What Makes Me a Writer?

Special note to my followers:  Thank you for your patience while I took the month of August off.  My dear husband passed away peacefully at home as I held his hand on August 2.  I wrote sporadically on my book during the month, but mostly I just grieved and began the journey of healing.  Thank you for understanding my absence.

Blodgett Creek, west of Hamilton, Montana.

Now it’s time to write.

Let’s say today is day one of writing.  We are excited to be writing and believe we have a handle on what we are going to say.  Tomorrow, though , will be day two

and we will probably think that what we wrote on day one is complete and total crap.  Maybe on day two we try to fix the writing of day one.  Maybe we try to start over.  Day two is usually discouraging.  What happens on day three?

Day three is the big day.  Will you make the decision to write again?  If you say yes to writing on day three – and day four, five, six, and every day thereafter – you are a writer.  Really.  The decision to write daily separates “real” writers from people who only claim to be writers.  Returning to the work.  Writing every day.

Writing every day gives you something to work on – to edit, to expand, to contract, to have a body of work ready for publication when the opportunity arises.  Think of it this way.  If you owned a store, but didn’t open for business every day, didn’t order merchandise to sell, didn’t stock and restock, didn’t clean and arrange your items, you wouldn’t have that store for long.  Your store would fail.  It is the same for writers.  If we aren’t writing, we have nothing to offer for publication.  Our best work lies buried somewhere in our minds, where no one can benefit from or enjoy it. So write, dear writer.  Every day.  Create a body of work.  That makes you and me a writer.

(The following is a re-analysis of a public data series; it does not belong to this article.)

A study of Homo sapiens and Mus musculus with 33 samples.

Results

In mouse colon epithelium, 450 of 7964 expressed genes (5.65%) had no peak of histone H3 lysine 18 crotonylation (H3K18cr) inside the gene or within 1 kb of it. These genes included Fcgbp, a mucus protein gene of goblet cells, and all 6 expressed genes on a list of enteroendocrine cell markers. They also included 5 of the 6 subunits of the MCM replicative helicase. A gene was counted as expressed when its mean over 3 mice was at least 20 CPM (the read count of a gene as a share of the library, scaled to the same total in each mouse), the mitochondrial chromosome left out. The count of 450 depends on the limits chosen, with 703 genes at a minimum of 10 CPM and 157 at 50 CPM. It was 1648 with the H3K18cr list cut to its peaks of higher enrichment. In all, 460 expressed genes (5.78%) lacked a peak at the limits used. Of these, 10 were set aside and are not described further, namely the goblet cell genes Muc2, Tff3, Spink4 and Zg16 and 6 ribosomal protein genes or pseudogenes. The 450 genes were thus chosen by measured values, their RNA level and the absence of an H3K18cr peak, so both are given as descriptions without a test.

Monday Writing Challenge

What are you writing right now?  What one piece of writing are you excited about? Write a two or three sentence description of that work – something you might share briefly with someone in an elevator or on a plane.

Going further…

Refine those sentences for clarity.  Imagine you being the person hearing these sentences.  What would your next question to that writer be?  Answer that question by adding it as a phrase to one of your sentences.

Congratulations!  You just wrote your elevator pitch.  More importantly, you clarified to yourself exactly what you hope to accomplish with the piece you are working on right now.

Here’s mine:

I am writing 52 essays on grief to be part of a collection.  My working title is “Learning to Walk Alone.”  These essays explore the feelings and hurdles I am experiencing as I walk through the grief of losing my husband of 38 years.  I will be submitting a sampling of these essays to magazines as I go, hoping to have the entire body of work published in book form in 2021.

(The last sentence is the one I added as a response to the imagined question, “Will these works be published?”)

I am still working on my memoir.  The emotions and challenges of my grief are quite compelling and the what I am inspired to write about and work through each day, more so than the memoir.  In the weeks ahead, I will tell you how I am writing these grief essays in the hopes that you will be encouraged in your own writing.

As always your questions, comments, and shares are appreciated.

Happy writing… ~T

At Stacking Stones Writers, I seek to create a community of writers, a place you can go to find encouragement for your passion – writing.  Please follow the Stacking Stones Writers blog to have easy access to all the tips, tools, and ideas shared here.  Thank you!